By Paul Phillips

244234_7882Both Management and Refurbishment & Demolition (R&D) asbestos surveys require the surveyor to take samples and therefore involve intrusive works. While the surveyor will be trained and instructed to take care, where possible, not to damage the property unduly, inevitably materials in the property’s interior will need to be disturbed i.e. samples of floor tiles removed, panels punctured or detached etc. to gain access to voids and cavities and take samples for analysis.

The surveyor will not disturb or sample every aspect of an occupied property. The HSE document, HSG 264 provides guidance on taking representative samples. Section 104 states:

“for homogenous material, often a single sample may be all that is required to confirm the suspicion that it is asbestos and to make a presumption that it applies to other material of the same type”

Paragraph 101 states

“Samples of about 3–5 cm2 surface area and through the entire depth of the ACM (including any backing paper) should normally be taken with the aim of collecting one or more samples which are representative of the whole material”

Surveyors are required to wear full RPE/PPE when conducting sampling (type 5/6 coveralls and FFP3 protection). The surveyor should also be segregated from any occupants or other persons in the immediate vicinity. Typically this will involve decanting the room and closing the door but if the sampling needs to take place in an occupied area the surveyor will protect the working area in 1000 gauge polythene. In both cases warning signs should be displayed. Fibre-suppressing techniques will be used (usually a PVA and water based mixture through an airless sprayer)

A reassurance air test carried out by a UKAS-accredited analytical consultant may also be necessary to determine the safety of reoccupying areas where particularly friable materials such as pipe lagging have been sampled.

The surveyor cannot compromise the integrity of the survey by choosing peripheral or inconspicuous parts of a material to sample or disturb in order to maintain the aesthetics for the tenant. Access to some asbestos containing materials (ACMs) may be obscured such as toilet cistern obstructing riser access, insulation board located behind access panels or floor tiles that are situated below several layers of modern flooring.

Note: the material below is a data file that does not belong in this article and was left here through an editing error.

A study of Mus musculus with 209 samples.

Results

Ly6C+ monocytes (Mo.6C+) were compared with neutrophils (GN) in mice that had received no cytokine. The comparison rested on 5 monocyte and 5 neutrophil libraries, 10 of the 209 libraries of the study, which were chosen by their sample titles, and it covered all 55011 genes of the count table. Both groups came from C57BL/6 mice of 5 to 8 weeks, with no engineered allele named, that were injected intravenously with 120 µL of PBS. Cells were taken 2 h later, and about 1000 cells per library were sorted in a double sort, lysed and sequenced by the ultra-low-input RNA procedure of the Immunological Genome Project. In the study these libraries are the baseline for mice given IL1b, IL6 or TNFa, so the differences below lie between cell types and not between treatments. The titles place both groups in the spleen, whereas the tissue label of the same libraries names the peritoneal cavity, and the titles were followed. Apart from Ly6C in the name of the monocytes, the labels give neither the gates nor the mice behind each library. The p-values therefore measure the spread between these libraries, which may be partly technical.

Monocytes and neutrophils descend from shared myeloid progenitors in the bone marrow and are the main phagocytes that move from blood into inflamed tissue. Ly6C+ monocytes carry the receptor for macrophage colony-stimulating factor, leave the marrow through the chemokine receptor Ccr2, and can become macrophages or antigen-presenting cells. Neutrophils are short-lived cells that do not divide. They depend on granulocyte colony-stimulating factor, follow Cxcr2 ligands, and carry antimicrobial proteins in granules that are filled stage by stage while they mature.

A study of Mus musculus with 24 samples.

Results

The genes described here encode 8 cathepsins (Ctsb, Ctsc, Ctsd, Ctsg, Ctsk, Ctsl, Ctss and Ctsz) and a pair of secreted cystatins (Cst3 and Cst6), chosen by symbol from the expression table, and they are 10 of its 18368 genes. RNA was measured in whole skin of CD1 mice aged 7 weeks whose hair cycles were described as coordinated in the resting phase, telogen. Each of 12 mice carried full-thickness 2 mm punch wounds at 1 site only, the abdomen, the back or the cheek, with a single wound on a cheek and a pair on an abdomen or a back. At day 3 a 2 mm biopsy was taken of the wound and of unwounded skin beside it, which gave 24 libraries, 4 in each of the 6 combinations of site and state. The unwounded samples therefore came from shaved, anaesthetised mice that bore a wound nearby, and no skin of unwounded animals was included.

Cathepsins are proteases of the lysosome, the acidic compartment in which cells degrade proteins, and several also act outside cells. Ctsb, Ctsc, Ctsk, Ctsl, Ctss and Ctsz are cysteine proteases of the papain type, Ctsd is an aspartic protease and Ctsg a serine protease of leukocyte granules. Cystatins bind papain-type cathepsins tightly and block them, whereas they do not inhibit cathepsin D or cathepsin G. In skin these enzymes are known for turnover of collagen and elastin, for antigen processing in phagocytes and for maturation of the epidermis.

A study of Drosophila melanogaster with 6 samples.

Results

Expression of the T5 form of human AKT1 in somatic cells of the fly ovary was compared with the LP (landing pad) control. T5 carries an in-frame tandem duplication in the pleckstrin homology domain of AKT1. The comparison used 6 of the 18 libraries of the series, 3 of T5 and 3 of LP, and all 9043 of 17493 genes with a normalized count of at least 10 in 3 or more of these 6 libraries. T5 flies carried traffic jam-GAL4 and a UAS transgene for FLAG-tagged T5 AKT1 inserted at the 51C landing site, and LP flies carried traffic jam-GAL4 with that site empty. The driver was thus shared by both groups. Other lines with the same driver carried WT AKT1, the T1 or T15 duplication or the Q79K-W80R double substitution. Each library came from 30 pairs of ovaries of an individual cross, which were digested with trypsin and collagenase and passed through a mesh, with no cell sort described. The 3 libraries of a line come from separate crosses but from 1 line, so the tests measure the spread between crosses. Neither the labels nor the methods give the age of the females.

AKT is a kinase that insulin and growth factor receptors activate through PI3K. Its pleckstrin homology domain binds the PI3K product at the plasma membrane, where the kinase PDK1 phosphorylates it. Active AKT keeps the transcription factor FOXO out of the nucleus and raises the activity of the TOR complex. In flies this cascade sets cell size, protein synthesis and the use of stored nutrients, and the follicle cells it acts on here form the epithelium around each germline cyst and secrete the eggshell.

For safety and aesthetic purposes the damage caused by sampling needs to be re-instated. The degree of re-instatement required will depend upon whether the area is to be re-occupied before the works commence.

For a recent survey project in Barts Hospital in London we defined four specific levels of reinstatement:

  1. BASIC – polythene and cloth tape
  2. MEDIUM – Painted MDF board with tapered edges secured with security tape, adhesive and silicone
  3. HIGH –Wipeable plastic sheets secured with security tape, adhesive, antibacterial silicone
  4. FULL – complete reinstatement i.e. replacement if panel/tile, tape/joint, re-decoration in-keeping

While temporary repair may be all that is required if the area is going to be refurbished, this type of reinstatement often falls well short of tenants’ expectations and satisfaction and is a major source of complaint at the outset of social housing refurbishment that can lead to lingering resentment and loss of reputation for all involved.

So what can be done to placate the tenants, reduce complaints and ultimately streamline the entire refurb project?

Well the key word here is expectations. In our experience, if the tenant is expecting some minor damage and that they are informed that this is an inevitable consequence of the refurbishment process they are far less likely to complain.

We therefore strongly advise that the tenants are, at the very least, informed about what the survey will entail during the appointment phase. This could be as simple as including a warning statement in the appointment maker’s script and/or the confirmation letter or you could enclose a simple FAQs flyer with in the letter.

Finally, all Global Environmental’s surveyors are now furnished with endoscopes which helps to reduce the size of cavities we need to make to access voids to see if ACMs are present in concealed areas. Reducing the cavities we need to create from 50mm to about 10-15mm helps can provide safety and aesthetic benefits in minimising the potential for fibre release and the extent of any damage respectively.

Paul Phillips is operations manager at asbestos consultancy Global Environmental

This is the second of a series of blogs which discuss the latest issues in asbestos management. The first article can be found here. Next week Paul will explain how survey exclusions should be interpreted and managed.

What makes us susceptible to burnout?

In this episode  of the Safety & Health Podcast, ‘Burnout, stress and being human’, Heather Beach is joined by Stacy Thomson to discuss burnout, perfectionism and how to deal with burnout as an individual, as management and as an organisation.

We provide an insight on how to tackle burnout and why mental health is such a taboo subject, particularly in the workplace.